A group of ShĹŤgun World hosts being examined by Delos technicians.
Image: HBO

The brief glimpse of Delos’ other parks besides Westworld was one of the most surprising moments of Westworld’s first season and more than enough reason to get hype for the second. According to the series’ showrunners, one park in particular holds a personal significance for them both.

In a recent interview with Entertainment Weekly, co-showrunners Lisa Joy and Jonathan Nolan described how their love of classical Japanese cinema helped influence their vision for Shōgun World, the new park set to play a major role in Westworld’s upcoming season. Though fans of Michael Crichton’s original Westworld from 1973 might have expected the show to introduce Medieval World or Roman World, Nolan explained that the decision to go with Shōgun World was inspired by the narrative similarities between Sergio Leone’s Westerns and Akira Kurosawa’s samurai movies:

“My older brothers and I watched Sergio Leone Westerns and Kurosawa’s classic samurai films and were fascinated to discover they had the same plot. You had this wonderful call and response between these two genres — with the gunslinger and the ronin. They have identical tropes but are set within different cultures. Frankly, this was just a great excuse to go and make a samurai movie with all the trimmings.”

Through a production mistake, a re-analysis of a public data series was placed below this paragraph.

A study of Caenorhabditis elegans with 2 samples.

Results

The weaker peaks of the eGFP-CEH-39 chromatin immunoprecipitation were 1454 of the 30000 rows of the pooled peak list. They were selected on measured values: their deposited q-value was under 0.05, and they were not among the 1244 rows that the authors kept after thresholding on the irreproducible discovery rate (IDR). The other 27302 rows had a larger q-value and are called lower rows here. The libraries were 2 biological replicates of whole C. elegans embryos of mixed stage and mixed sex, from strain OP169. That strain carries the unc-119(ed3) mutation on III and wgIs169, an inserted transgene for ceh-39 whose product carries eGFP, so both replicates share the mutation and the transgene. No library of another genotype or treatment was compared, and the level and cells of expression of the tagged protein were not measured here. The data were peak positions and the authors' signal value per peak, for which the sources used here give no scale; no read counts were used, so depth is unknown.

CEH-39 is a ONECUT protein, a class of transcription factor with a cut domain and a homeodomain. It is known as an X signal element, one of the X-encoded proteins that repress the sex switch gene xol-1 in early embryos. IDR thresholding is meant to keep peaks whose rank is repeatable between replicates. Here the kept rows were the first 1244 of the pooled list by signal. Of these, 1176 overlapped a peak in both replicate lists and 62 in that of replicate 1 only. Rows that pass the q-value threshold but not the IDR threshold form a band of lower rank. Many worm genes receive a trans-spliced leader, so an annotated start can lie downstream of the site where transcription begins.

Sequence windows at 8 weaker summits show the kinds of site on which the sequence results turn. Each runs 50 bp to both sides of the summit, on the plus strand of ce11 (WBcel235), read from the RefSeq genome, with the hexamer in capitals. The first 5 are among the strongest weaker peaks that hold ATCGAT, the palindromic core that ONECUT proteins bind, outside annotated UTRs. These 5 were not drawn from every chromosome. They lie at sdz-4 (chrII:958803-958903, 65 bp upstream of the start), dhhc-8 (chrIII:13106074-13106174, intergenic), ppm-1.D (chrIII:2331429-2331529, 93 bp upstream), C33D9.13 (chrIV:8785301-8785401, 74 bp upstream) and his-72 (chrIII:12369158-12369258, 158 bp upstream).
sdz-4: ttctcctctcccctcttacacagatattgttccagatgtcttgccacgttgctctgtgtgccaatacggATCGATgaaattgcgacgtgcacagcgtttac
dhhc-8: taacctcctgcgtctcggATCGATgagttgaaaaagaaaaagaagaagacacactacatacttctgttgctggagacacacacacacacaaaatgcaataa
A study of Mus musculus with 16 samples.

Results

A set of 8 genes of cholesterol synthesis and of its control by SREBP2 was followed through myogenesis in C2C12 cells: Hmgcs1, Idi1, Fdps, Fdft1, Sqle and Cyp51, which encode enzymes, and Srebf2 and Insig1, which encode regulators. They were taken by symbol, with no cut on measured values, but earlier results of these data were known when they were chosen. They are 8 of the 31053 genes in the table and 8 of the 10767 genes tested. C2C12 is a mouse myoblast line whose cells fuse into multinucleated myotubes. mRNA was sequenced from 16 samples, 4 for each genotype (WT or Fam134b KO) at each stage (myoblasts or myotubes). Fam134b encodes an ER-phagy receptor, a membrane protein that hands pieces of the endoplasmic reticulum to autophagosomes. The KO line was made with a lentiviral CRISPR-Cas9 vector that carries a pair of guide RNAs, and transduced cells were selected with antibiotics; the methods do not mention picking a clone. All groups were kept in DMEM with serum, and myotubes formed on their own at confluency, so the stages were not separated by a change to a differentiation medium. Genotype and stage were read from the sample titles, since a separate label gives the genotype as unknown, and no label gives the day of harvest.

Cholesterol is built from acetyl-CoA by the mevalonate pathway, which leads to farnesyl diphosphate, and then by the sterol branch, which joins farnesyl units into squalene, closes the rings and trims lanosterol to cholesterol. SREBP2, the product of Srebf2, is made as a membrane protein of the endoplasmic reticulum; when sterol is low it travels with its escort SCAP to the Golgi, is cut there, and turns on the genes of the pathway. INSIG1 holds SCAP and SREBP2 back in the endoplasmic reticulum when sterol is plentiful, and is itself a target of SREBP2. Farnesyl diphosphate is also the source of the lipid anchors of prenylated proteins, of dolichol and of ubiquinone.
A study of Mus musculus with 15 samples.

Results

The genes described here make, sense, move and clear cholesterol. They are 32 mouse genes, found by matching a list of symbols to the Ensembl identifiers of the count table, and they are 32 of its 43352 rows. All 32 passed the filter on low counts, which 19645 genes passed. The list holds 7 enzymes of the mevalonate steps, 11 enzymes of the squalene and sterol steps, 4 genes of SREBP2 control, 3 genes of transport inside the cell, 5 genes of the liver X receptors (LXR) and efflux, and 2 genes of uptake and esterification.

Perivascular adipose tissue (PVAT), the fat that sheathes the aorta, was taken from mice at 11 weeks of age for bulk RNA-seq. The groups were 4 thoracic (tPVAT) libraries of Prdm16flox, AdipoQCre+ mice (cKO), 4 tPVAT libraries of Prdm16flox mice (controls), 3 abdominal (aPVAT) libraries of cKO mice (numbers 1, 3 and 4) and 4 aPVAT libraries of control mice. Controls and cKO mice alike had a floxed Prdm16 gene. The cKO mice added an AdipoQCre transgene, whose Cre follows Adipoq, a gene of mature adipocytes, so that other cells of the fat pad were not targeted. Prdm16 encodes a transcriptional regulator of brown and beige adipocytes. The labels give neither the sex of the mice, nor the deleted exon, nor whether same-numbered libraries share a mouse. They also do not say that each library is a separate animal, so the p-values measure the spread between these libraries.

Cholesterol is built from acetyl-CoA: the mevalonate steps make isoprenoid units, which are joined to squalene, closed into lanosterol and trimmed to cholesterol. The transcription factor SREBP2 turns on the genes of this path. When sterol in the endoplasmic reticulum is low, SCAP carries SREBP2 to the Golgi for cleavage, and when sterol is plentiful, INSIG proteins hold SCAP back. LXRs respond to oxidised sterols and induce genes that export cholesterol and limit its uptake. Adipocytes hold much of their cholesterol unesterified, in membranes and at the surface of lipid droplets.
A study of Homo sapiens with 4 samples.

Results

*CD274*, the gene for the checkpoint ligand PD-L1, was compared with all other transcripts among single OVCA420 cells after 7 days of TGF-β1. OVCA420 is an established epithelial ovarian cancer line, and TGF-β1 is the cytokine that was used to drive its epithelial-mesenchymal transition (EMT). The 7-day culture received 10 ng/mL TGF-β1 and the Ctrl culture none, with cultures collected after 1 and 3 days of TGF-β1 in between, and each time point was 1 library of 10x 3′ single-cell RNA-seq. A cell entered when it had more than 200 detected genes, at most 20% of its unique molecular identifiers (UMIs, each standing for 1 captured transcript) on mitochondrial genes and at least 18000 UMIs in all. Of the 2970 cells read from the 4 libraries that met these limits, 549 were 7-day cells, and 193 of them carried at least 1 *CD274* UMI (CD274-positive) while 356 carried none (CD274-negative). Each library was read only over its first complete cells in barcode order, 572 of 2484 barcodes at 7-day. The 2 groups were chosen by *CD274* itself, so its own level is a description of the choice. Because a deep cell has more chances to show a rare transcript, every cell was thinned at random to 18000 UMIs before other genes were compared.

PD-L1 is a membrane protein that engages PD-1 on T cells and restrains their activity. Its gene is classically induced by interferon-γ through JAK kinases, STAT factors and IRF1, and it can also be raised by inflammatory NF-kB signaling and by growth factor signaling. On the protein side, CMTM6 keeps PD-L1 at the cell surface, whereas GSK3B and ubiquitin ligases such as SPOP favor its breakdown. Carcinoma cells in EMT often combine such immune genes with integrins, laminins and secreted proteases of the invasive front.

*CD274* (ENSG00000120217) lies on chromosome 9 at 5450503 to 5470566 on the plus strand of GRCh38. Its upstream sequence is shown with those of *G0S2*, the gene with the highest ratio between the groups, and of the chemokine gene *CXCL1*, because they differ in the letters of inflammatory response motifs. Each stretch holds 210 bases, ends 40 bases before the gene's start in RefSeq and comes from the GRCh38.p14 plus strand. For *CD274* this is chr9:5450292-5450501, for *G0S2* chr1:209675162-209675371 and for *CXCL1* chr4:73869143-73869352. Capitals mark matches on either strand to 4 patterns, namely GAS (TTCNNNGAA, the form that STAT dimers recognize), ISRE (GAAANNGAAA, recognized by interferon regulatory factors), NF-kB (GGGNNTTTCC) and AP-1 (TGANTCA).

Nolan elaborated that while much of what we see in Shōgun World is meant to be a recreation of the Edo period, the park will incorporate certain elements from other periods to create a heightened composite fantasy of that point in Japanese history for Delos guests to lose themselves in. Though Shōgun World will factor into the events of Westworld in a major way, Joy and Nolan made a point of emphasizing that the show is still about Westworld and will take place predominantly in the park we’ve already seen, though some of the hosts are likely to journey from one park into another.

It’s also interesting to hear that at least one of Westworld’s Shōgun World-centric episodes will be almost entirely in Japanese, but what’s less clear is whether the show will at all explore the interesting implications about just what the existence of a place like the park would even mean for the world. Given the creators’ intentions to post literally all of the show’s plot before the season’s episodes air, though, we shouldn’t have to wait too long to find out.